By Iain Hollingshead (THE GUARDIAN, 01/04/06):
Pope John Paul II’s death on April 2 2005 – a year ago tomorrow – triggered an unprecedented clamour for his canonisation as huge crowds converged on Rome to pay tribute. Santo Subito, went the cry in St Peter’s Square: “Make him a saint now.”Even before the new pope was elected, cardinals signed a petition to put John Paul II on the fast track for sainthood, bypassing the usual five-year interval intended to allow emotions to subside. Just as John Paul II had sped up the process to beatify Mother Teresa in 2003, his successor, Pope Benedict XVI, announced plans to waive the traditional waiting period within a month of his installation.
It represented an unintentional example of “doing unto others as you would have them do to you”. John Paul II created 482 saints (more than in the previous 500 years) and beatified 1,340 people (more than all his predecessors combined), dramatically modernising a process that used to take decades, if not centuries.
The Vatican’s concept of “fast track”, however, is rather more exhaustive than it sounds. A person has to be beatified (whereupon they are given the title “Blessed”) before they can be canonised (made a saint). Beatification requires proof of one miracle; canonisation a second. This is accompanied by a thorough investigation of every aspect of the candidate’s life. A final decision is taken by the Congregation of the Causes of Saints in Rome and the Pope. Speculation that John Paul II might be beatified in time for Pope Benedict’s visit to Poland next month now seems highly unlikely.
Last May, the Catholic church invited people to submit evidence “in favour or against” the late pope’s suitability to be a saint. Thousands of emails poured into the inbox of Monsignor Slawomir Oder, the official in charge of promoting John Paul’s cause. Support has also come from agnostics, Muslims, Buddhists and Hindus.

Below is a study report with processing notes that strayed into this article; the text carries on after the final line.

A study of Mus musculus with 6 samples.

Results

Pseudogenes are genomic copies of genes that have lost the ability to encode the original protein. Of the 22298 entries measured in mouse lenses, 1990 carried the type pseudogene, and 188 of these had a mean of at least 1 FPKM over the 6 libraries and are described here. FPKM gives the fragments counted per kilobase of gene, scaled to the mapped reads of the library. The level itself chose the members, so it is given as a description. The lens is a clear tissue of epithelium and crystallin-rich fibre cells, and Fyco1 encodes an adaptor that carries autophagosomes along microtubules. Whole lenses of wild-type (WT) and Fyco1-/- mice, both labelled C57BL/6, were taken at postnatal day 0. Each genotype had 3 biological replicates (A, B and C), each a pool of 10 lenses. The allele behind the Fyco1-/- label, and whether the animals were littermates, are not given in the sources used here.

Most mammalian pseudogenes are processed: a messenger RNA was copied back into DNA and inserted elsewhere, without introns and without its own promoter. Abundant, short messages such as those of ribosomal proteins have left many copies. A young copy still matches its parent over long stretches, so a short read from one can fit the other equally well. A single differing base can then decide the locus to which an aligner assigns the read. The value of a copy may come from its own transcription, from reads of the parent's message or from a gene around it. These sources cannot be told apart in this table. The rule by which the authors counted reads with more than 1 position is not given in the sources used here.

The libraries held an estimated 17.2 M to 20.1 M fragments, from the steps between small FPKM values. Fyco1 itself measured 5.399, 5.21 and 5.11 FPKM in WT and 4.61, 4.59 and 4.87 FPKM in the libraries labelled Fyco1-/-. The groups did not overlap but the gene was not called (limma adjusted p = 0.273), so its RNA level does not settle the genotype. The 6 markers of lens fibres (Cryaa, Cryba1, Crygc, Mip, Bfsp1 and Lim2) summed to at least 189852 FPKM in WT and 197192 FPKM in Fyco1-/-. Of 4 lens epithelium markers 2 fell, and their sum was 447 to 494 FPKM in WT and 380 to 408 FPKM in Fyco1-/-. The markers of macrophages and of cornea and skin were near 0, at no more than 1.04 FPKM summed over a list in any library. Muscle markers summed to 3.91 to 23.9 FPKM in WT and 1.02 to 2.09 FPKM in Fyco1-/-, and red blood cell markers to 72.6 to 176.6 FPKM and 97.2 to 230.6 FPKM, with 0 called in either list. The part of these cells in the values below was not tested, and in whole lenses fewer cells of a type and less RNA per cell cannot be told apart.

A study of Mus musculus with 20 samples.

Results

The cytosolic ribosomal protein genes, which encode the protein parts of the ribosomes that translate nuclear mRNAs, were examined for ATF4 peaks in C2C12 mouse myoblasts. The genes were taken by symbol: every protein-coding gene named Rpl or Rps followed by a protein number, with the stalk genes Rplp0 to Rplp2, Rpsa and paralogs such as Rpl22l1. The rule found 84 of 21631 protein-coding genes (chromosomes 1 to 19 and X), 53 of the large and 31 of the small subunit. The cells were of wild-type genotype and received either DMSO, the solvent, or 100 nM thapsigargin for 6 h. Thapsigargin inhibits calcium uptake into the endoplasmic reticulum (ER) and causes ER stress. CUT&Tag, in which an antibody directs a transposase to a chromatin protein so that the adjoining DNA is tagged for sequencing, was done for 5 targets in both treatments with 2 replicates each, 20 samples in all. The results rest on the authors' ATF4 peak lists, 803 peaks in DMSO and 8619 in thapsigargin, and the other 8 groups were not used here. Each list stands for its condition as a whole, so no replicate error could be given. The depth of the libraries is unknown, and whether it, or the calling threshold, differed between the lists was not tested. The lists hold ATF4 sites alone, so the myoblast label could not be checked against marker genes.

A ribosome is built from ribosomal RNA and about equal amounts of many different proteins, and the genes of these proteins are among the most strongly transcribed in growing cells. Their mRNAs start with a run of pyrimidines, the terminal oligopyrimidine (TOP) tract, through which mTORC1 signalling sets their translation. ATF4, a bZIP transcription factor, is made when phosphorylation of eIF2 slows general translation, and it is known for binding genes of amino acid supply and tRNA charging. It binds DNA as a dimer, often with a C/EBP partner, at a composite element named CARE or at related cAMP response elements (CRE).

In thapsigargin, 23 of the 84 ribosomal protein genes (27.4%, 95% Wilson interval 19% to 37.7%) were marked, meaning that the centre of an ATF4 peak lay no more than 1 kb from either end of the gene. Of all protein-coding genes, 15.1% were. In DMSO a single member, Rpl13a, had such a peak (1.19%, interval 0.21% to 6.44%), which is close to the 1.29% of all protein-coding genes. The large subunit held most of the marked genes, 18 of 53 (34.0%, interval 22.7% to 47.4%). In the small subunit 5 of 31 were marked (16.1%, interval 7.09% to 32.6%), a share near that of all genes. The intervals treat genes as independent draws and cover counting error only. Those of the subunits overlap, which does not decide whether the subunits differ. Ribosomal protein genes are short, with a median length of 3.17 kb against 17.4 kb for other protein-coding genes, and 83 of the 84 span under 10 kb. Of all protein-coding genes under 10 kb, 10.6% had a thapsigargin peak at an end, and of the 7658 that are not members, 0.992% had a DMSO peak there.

A more heated debate focuses on the posthumous miracles necessary for beatification. Oder cites “dozens” reported in the last year. Of these, three are particularly “promising”. There is also the “very impressive” case of a French nun who credits the former pope with her recovery from Parkinson’s disease. There has even been speculation that John Paul II could be declared a martyr.
But not everyone in the Catholic church is supportive. Last December, 11 theologians produced a long list of allegations, including John Paul’s failure to check “the devastating plague of abuse by clerics of minors” and to end “murky” financial dealings with the Vatican bank. A former Catholic priest in Ireland has written, “We don’t want sainthood to become like the House of Lords in London – an end-of-life cushy jobs for the boys.”
Oder, however, maintains that messages opposing John Paul’s sainthood amount to fewer than 1%. Giuseppe D’Alonzo, promoter of justice for the diocese of Rome, will perform the duties of the now defunct post of Devil’s Advocate – the official whose job it is to question all evidence put forward in favour of sainthood.
Others remain serenely confident that canonisation is a question of when, not if. The Italian newspaper La Gazzetta dello Sport is marking the first anniversary of the pope’s death with a special DVD series: John Paul II: The Man Who Changed the World, a Pope on the Road to Sainthood.